Last week, on the New York Times opinion page, two writers from The Century Foundation wrote an essay titled “The Secret to School Integration.” According to Halley Potter and Kimberly Quick, “By most measures, America’s public schools are now more racially and socioeconomically segregated than they have been for decades.”
They went on to say, “In some ways, it’s as if Brown v. Board of Education never happened. Increasing residential segregation and a string of unfavorable court cases are partly to blame. But too many local school officials are loath to admit the role that their enrollment policies play in perpetuating de facto segregation.”
One of the school districts they singled out was Pinellas County.
“In Florida, the Pinellas County school board voted to tie school zones more strictly to residential patterns, moving thousands of formerly integrated black students into underperforming schools,” they wrote. “One of the board members called the problem ‘a nationwide thing, not just us.’”
Second, it’s true that in 2007 the Pinellas school board began to zone schools more closely to students’ homes after the district reached unitary status and no longer was under court-ordered school quotas. But it was mostly black parents, tired of their kids being bused all over the county, who most wanted a return to neighborhood schools.
Some history: In 1955, the Supreme Court authorized lower courts to issue orders to admit children to public schools “on a racially non-discriminatory basis with all deliberate speed.” But Southern states almost immediately sought ways to circumvent the decision, and 10 years after Brown, less than 2 percent of black children in the old Confederacy had white classmates.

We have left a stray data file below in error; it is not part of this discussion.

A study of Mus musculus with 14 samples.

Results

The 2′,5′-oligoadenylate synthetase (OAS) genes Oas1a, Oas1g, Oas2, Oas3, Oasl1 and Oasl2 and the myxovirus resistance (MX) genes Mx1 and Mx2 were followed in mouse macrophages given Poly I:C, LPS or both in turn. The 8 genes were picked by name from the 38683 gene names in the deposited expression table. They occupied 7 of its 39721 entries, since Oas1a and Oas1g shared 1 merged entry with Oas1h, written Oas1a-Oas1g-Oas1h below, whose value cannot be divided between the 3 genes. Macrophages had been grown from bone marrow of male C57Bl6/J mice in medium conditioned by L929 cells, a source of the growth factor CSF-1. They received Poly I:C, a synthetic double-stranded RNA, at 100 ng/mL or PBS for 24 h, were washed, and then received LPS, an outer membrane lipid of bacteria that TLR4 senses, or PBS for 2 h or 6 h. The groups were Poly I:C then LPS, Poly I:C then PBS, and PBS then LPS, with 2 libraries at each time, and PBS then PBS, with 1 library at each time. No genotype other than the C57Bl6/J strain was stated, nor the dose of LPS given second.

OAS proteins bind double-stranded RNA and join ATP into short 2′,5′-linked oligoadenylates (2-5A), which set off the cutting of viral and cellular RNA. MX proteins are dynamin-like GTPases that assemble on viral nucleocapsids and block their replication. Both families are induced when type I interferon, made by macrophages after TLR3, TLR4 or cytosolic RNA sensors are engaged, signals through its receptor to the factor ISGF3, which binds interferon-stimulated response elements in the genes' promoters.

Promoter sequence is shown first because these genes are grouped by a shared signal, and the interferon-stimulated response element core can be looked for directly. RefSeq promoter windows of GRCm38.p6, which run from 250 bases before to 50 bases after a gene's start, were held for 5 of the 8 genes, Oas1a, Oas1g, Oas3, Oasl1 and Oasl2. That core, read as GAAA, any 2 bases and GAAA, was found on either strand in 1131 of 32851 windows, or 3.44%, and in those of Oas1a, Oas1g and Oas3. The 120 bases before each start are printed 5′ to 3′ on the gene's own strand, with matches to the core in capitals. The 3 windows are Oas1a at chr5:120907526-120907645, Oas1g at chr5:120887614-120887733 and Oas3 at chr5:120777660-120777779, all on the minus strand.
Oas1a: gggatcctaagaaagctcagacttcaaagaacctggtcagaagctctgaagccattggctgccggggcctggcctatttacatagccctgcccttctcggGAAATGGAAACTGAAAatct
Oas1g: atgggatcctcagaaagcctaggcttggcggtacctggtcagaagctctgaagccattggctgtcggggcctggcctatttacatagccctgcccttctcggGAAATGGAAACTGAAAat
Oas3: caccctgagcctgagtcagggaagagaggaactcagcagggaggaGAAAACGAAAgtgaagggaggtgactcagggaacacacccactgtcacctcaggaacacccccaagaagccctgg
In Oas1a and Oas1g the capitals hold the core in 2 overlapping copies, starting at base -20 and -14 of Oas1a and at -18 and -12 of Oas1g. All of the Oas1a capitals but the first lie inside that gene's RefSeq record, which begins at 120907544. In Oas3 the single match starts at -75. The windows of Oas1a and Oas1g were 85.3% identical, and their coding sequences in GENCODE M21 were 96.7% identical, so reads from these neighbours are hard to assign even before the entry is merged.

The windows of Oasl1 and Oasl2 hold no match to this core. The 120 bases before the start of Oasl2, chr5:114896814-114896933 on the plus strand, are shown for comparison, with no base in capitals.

This inertia resulted in some decrees by the courts that led to the social experiment commonly known as “forced busing.” The requirement of nondiscrimination and public access began to be used as a mandate to mix races in public schools. Additionally, it ended up inconveniencing many black students more than the pre-Brown systems.
As the courts began to release districts from forced integration orders, many students began attending their neighborhood schools. And because many of these children live in racially segregated communities, the racial composition of their schools reflected it. As a result, many civil rights activists and scholars are screaming that the nation’s public school’s are becoming “resegregated.”
We can’t claim that schools are resegregated unless we go back to the old dual systems. Desegregation did not mean there would never be majority-black schools. In some cities, like Detroit, the only way to add more diversity would be to kidnap some white kids from the surrounding suburbs. And unless we’re ready to label an all-white school as segregated, we shouldn’t do it when a school is all black.
Supreme Court Justice Clarence Thomas has said or written little during his 25 years on the court worth remembering. In fact, he hasn’t asked a question from the bench in 10 years. But he nailed it in his concurring opinion in the 1995 Missouri vs. Jenkins case, which dealt with school desegregation, when he wrote: “The point of the Equal Protection Clause is not to enforce strict race-mixing, but to ensure that blacks and whites are treated equally by the State without regard to their skin color.”
The reason that case reached the court was because too many school desegregation plans departed from the simple goal of removing all vestiges of state-enforced segregation to seek the lofty and sometimes impossible mandate of integrating the schools. The opposite of segregation is desegregation, not integration, and too many civil rights groups and federal judges failed to distinguish between the two.
Again, Thomas: “It is a fundamental truth that government cannot discriminate among its citizens on the basis of race. ... Racial isolation itself is not a harm; only state-enforced segregation is.”
We also need to keep in mind there are plenty of majority-black schools in Florida that are performing better than the ones in South St. Petersburg. It also can be argued that the causes of the consistent achievement gap lie beyond the classroom, and have little to do with how many white kids come in contact with black students.
There’s nothing wrong with a majority-black school if it has adequate resources, involved parents and dedicated teachers. We need to start focusing on those things instead of racial numbers games.